European Union leaders will pile pressure on their Polish counterpart on Thursday over a court ruling that questioned the primacy of European laws in a sharp escalation of ideological battles that risk precipitating a new crisis for the bloc.
The French president and the Dutch premier are particularly keen to prevent their governments’ cash contributions to the EU from benefiting socially conservative politicians undercutting human rights fixed in the laws of western liberal democracies.
French EU affairs minister said “the European project is no more” if joint rules stop applying.
“Poland puts itself in danger,” Clement Beaune said before national leaders of the bloc’s 27 member countries convened in Brussels. “Eventually, if dialogue does not work, we could resort to various types of sanctions.”
The European Parliament was voting on a resolution later in the day demanding the bloc cut EU handouts for Poland for violating democratic principles.
Polish Prime Minister Mateusz Morawiecki is set to defend in front of his peers the October 7 ruling by Poland’s Constitutional Tribunal stating that elements of EU law were incompatible with the country’s constitution.
Morawiecki has already come under fire from EU lawmakers this week and the head of the Commission said the challenge to the unity of the European legal order would not go unanswered.
This, as well as other policies introduced by his ruling Law and Justice (PiS) party, are set to cost Poland money.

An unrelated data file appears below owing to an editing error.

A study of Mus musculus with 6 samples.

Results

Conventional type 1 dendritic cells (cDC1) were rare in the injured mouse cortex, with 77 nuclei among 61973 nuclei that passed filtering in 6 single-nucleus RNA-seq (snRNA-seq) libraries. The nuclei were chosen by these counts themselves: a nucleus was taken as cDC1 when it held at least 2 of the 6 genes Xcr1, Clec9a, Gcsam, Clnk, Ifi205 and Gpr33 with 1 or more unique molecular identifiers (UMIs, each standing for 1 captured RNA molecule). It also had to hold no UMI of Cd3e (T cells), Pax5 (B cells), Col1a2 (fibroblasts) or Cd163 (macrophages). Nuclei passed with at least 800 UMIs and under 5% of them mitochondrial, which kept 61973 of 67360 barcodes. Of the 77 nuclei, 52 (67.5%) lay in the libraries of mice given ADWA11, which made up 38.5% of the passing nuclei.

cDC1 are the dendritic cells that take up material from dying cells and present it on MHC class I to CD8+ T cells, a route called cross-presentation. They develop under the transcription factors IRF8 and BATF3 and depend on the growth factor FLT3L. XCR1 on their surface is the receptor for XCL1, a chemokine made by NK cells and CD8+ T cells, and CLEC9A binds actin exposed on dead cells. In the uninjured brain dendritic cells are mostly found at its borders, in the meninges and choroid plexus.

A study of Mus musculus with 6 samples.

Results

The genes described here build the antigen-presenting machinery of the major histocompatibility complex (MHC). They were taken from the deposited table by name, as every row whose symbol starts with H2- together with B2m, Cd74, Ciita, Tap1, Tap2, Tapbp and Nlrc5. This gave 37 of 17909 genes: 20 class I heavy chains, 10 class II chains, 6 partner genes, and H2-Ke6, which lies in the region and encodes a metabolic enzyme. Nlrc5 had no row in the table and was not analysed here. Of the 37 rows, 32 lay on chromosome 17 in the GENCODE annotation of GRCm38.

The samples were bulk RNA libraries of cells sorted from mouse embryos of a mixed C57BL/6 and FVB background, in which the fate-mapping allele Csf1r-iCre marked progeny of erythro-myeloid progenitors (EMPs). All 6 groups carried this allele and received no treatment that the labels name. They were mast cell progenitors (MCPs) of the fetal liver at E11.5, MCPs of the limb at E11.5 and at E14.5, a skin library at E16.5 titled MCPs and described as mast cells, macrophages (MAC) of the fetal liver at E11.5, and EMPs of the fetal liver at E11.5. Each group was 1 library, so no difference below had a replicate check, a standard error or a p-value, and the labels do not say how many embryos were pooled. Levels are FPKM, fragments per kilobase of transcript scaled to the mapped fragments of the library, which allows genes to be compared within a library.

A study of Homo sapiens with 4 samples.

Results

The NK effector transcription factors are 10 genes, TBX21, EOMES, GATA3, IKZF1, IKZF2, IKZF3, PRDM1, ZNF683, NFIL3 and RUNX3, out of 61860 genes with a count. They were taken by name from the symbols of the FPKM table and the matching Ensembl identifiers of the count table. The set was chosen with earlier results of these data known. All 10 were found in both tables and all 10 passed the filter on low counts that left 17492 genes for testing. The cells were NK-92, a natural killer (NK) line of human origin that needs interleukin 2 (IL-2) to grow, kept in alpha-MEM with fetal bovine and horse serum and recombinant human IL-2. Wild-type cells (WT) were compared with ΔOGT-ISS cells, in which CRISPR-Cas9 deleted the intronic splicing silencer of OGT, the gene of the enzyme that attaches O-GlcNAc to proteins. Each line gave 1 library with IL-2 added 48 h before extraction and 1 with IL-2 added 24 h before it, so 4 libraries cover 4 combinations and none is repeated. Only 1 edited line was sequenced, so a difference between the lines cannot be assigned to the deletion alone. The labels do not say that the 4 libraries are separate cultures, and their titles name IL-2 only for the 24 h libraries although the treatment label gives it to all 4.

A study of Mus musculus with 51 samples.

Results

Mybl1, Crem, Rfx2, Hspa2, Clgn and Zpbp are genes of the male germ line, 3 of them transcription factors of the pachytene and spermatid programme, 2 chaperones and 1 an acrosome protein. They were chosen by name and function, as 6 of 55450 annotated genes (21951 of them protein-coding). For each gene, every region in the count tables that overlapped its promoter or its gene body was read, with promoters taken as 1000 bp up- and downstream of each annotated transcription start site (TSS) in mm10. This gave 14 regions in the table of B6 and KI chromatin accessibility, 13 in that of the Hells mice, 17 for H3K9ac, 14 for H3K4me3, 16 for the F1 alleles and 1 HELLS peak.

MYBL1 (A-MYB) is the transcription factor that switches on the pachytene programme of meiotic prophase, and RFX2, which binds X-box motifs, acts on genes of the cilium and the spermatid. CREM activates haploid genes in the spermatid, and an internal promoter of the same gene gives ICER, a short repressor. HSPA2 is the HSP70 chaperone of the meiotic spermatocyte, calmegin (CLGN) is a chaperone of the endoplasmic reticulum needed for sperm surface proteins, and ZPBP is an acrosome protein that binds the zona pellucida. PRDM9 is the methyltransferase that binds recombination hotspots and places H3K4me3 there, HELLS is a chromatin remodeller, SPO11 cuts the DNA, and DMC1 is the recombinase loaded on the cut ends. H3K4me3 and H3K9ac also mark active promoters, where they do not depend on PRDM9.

With the ruling, the PiS raised the stakes in years of increasingly bitter feuds with the EU over democratic principles from the freedom of courts and media to the rights of women, migrants and LGBT people.
A senior EU diplomat said such policies were “not tenable in the European Union”.
The Commission has for now barred Warsaw from tapping into 57 billion euros ($66 billion) of emergency funds to help its economy emerge from the COVID-19 pandemic. Warsaw also risks more penalties from the bloc’s top court.
Sweden, Finland and Luxembourg are also among those determined to bring Warsaw into line and have stepped up their criticism since PiS came to power in 2015 in Poland, the largest ex-communist EU country of 38 million people.
For the EU, the latest twist in feuds with the eurosceptic PiS also comes at a sensitive time as it grapples with the fallout from Brexit.
The bloc – without Britain – last year achieved a major leap in integration in agreeing joint debt guarantees to raise 750 billion euros for post-pandemic economic recovery projects, overcoming stiff resistance from wealthy states such as the Netherlands.
Morawiecki has dismissed the idea of leaving the EU in a “Polexit”. Support for membership remains very high in Poland, which has benefited enormously from funding coming from the bloc it joined in 2004.
But Warsaw – backed by Hungarian Prime Minister Viktor Orban – wants to return powers to national capitals and has lashed out at what it says are excessive powers held by the Commission.
While many have grown increasingly frustrated at failed attempts to convince Warsaw to change tack, German Chancellor Angela Merkel has long warned against isolating Poland and said ideological rows were better not settled in courts.
Her sway, however, is weakened as the veteran of more than 100 summits during her 16 years in power visits Brussels for what may be her last gathering of EU leaders before she hands over to a new German chancellor.
Beyond Poland, the leaders will also lock horns over how to respond to a sharp spike in energy prices, discuss migration, their fraught relationship with Belarus and the COVID-19 pandemic.